AFTER a great deal of drama and much fandancing, the Indian inquiry report has been released. And to say it is disquieting would be only stating the obvious. Never mind that most of the players named have been figuring in the news ever since the unmasking of the high priest of sobriety, Hansie Cronje. The report has placed a lot of these loose facts in context and that is disturbing.
Yet, what makes it even more worrying is that there is no legal method to remove these cricketers from, to use a cricketing term, the field of play. Many of them are there to stay and will go only on their own terms. Some, thankfully, have ended their careers. But yet their influence is felt on the game and since they are associated with the game in some quasi-official capacity, the culture they have bred will be perpetuated.
So what remains to be asked now is, how are the various boards - for they are the only organisations of any authority (and I use that term in the loosest possible sense) - going to react? Some have already indicated that they are going to behave in the typical ostrich-like manner - in other words, "we will wait until we see the report" (although it is already out there on the Internet in all its glory) - while others are keeping mum.
The one thing that this whole episode, right from the defrocking of Saint Cronje, has done, is to enhance the reputation of the Indian law and order machinery. It may be chaotic, there is rampant bribery and the wheels of justice move exceedingly slowly within the country, but after these two hits, nobody is going to ignore the next announcement from any Indian police body or corps of detectives. On the downside, there are indications that there are still people, both former players and officials, who are too big to be touched and they have got off scot-free. No prizes for guessing.If the boards were to ban players, then they could very well go to the courts and file suits against restraint of trade. Kim Hughes did this with great success in the 1980s. Players who have signed contracts specifying that they will not hob-nob with the likes of Mukesh Gupta will have less of a figleaf to cover themselves but I can foresee plenty of business for the legal profession. Arjuna Ranatunga and Aravinda de Silva have already gone to their lawyers. The others will certainly make sure that they keep the gentlemen who can obfuscate things and frustrate others so well, happy. And, once again, what I find strangest, is the fact that though the brown stuff started hitting the ceiling more than 24 hours ago, there has not been a peep from the International Cricket Conference. Judging from the report - the 85-odd pages which I went through, anyway - the Indian detectives do not have too many kind words to say about the ICC. Malcolm Gray is silent. So is Mr Fixit, David Richards. Silence is golden, and these gentlemen believe in that to the hilt. Or so it would appear.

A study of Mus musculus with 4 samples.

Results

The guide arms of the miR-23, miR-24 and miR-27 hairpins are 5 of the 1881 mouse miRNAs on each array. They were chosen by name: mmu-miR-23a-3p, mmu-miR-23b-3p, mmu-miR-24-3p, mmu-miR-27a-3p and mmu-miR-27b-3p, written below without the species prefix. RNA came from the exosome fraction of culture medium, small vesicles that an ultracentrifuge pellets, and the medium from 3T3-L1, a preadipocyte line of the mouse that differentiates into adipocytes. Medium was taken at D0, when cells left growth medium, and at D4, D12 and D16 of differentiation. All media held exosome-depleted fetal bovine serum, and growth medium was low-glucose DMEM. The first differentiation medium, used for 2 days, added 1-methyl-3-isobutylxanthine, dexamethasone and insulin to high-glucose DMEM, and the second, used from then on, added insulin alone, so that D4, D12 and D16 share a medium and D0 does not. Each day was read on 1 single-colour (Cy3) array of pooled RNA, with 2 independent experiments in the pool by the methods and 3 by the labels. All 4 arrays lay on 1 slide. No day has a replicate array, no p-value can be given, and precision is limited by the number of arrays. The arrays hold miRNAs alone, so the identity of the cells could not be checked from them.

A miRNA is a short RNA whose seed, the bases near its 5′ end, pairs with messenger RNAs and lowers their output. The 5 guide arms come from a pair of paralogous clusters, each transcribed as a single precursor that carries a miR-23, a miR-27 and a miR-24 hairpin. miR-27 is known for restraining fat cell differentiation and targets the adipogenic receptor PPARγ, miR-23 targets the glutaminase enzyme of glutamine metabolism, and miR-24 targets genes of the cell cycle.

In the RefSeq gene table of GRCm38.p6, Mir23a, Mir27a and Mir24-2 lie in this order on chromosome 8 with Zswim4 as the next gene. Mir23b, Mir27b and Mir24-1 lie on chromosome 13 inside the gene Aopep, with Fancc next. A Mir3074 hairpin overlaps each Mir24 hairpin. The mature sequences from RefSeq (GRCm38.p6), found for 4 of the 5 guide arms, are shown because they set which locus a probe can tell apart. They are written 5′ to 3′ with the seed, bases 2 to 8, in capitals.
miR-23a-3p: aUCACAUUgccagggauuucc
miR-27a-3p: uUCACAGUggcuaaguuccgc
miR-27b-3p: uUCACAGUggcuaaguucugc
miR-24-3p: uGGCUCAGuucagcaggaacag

The report has touched every country bar Zimbabwe. It would seem only right that each and every board carry out as thorough an investigation as India has done and make the reports public. And there had better be a measure of alacrity about it. India is a country which is known for its tardiness - remember the standard joke about Indian Stretchable Time? - but six months from the time when Hansie went down in flames, India has shot down its own and a few besides. I hope the rest will do as much. But no matter what happens now, cricket is dead. Let us give it an honourable burial and get on with life.